Earl Ofari Hutchinson
I’ll skip the diplomacy. One more Andres Guardado and the call must be for L.A. County Sheriff Alex Villanueva to resign or face recall. The reason for this call didn’t start with the mass protests over the slaying of Guardado. Villanueva was elected with the overwhelming support of the sheriff’s union. It backed him with gusto for a good reason. He promised to be a tough cop’s cop and go to bat whenever and wherever there was any inference of wrongdoing by deputies.
He has been as good as his word. He has waged relentless battle with L.A. County Supervisors over any cuts to the department’s funding. He has brought back a disgraced and discredited former deputy. He has said he’d bring back other deputies allegedly unfairly terminated.
He has repeatedly been under fire from civil rights activists and the supervisors for lack of transparency and accountability on deputy involved shootings. This issue exploded with the gunning down of Guardado in Gardena in June. Villanueva added much fuel to the fire in the slaying when he refused to release the autopsy report on Guardado’s killing. There was good reason for the secrecy. An independent autopsy found that Guardado was shot multiple times in the back. Villanueva added more insult to injury when it was revealed that the department hadn’t interviewed the shooter about the circumstances of the killing. Time, time, time, was passing, with no movement to determine just what and why the deputy resorted to gunplay with Guardado.
Instead, Villanueva offered a weak rejoinder about Guardado having what looked like an illegal weapon, casting aspersions on his claim to be a security guard and hunkering down behind the standard claim that the investigation is ongoing.
Villanueva’s handling of the Guardado killing appeared to be squarely in keeping with his see no evil hear no evil when it comes to actions of deputies, no matter how questionable and dubious. This shouldn’t surprise.
Villanueva is just the latest, and the worst, sheriff to slap a cloak of invisibility and invincibility over the actions of the sheriff’s department when it comes to transparency and accountability.
This is a department where deputies at some stations sport tattoos that looked suspiciously like, take your pick: gang, white supremacist, or violence promos. Next there was the charge that deputies with dubious records of lying, planting evidence, and other assorted acts of misconduct are routinely protected from disclosure under an archaic, and thoroughly reprehensible, California shield law that erects a near impregnable barrier to finding out anything about their misconduct. Then there was the never-ending charge of racial profiling, harassment, and excessive force against sheriff’s deputies. The victims almost always are young African American and Hispanic males.
There’s no debate, though, about officers who lie and shade testimony in criminal cases. There have been a lot of them. They have been plopped in a data base of officers who have testified in criminal cases and their testimony is suspect to say the least. The problem is the state shield law that make it near impossible for defense attorneys to get information about their misconduct. Former L.A County Sheriff Jim McDonnell tried to turn over the names of the officers who give tainted testimony but was blocked. He also promised to rein in the high number of excessive force actions by sheriff’s deputies, almost all unpunished. He didn’t get the chance. We got Villanueva instead who defeated him in his reelection bid on the strong hint that cracking down on officers who overuse deadly force would not be the priority on his watch.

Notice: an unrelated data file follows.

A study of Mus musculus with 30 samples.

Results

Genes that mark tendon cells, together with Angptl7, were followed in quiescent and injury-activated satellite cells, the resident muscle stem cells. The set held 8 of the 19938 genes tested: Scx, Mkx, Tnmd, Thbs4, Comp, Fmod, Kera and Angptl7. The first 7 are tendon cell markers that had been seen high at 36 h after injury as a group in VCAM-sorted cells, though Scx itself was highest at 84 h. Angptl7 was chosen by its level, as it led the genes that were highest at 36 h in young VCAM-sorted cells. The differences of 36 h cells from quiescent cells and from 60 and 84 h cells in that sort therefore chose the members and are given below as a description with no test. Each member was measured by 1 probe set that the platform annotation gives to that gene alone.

Tackling this problem means immediate and vigorous implementation of the reform recommendations such as a fully empowered independent civilian oversight commission, getting rid of deputies who brutalize prisoners at the jails and administrators who look the other way, total transparency and accountability on the reform process. And most importantly, eliminating the deeply troubling problem of dubious officer-involved shootings and allegations of racial profiling by deputies.
This is where things fall apart. Bad officers are protected under the law from disclosure of their misconduct. L.A. County District Attorney Jackie Lacey is, of course, under relentless attack for refusing to prosecute deputies who overuse deadly force. But even Lacey admitted that it’s tough for her office to get any information about a bad shooting from the sheriff’s department. Unlike the LAPD, there is no internal department requirement that a deputy be interviewed about a shooting on a timely basis. Lacey claims that this makes it near impossible for her office to get all the facts. And in the absence of those facts, a prosecution is even less likely. Villanueva has given no indication that he will move to change this and require immediate disclosure of all the facts in a shooting. This first and foremost means putting the deputy on the legal hot seat.
Villanueva has not done this. There’s absolutely no indication that he will. He is an elected official and barring any illegal action can only be removed by the voters. But if abuse, unwarranted deadly force, defiance, and obstructionism continue to be the watchwords of the L.A. County Sheriff’s department and its sheriff, then the call for Villanueva to resign or be recalled, must be made.
Earl Ofari Hutchinson is an author and political analyst. His latest book is, Why Black Lives Do Matter (Middle Passage Press) will be released in August. He is a weekly co-host of the Al Sharpton Show on Radio One. He is the host of the weekly Hutchinson Report on KPFK 90.7 FM Los Angeles and the Pacifica Network.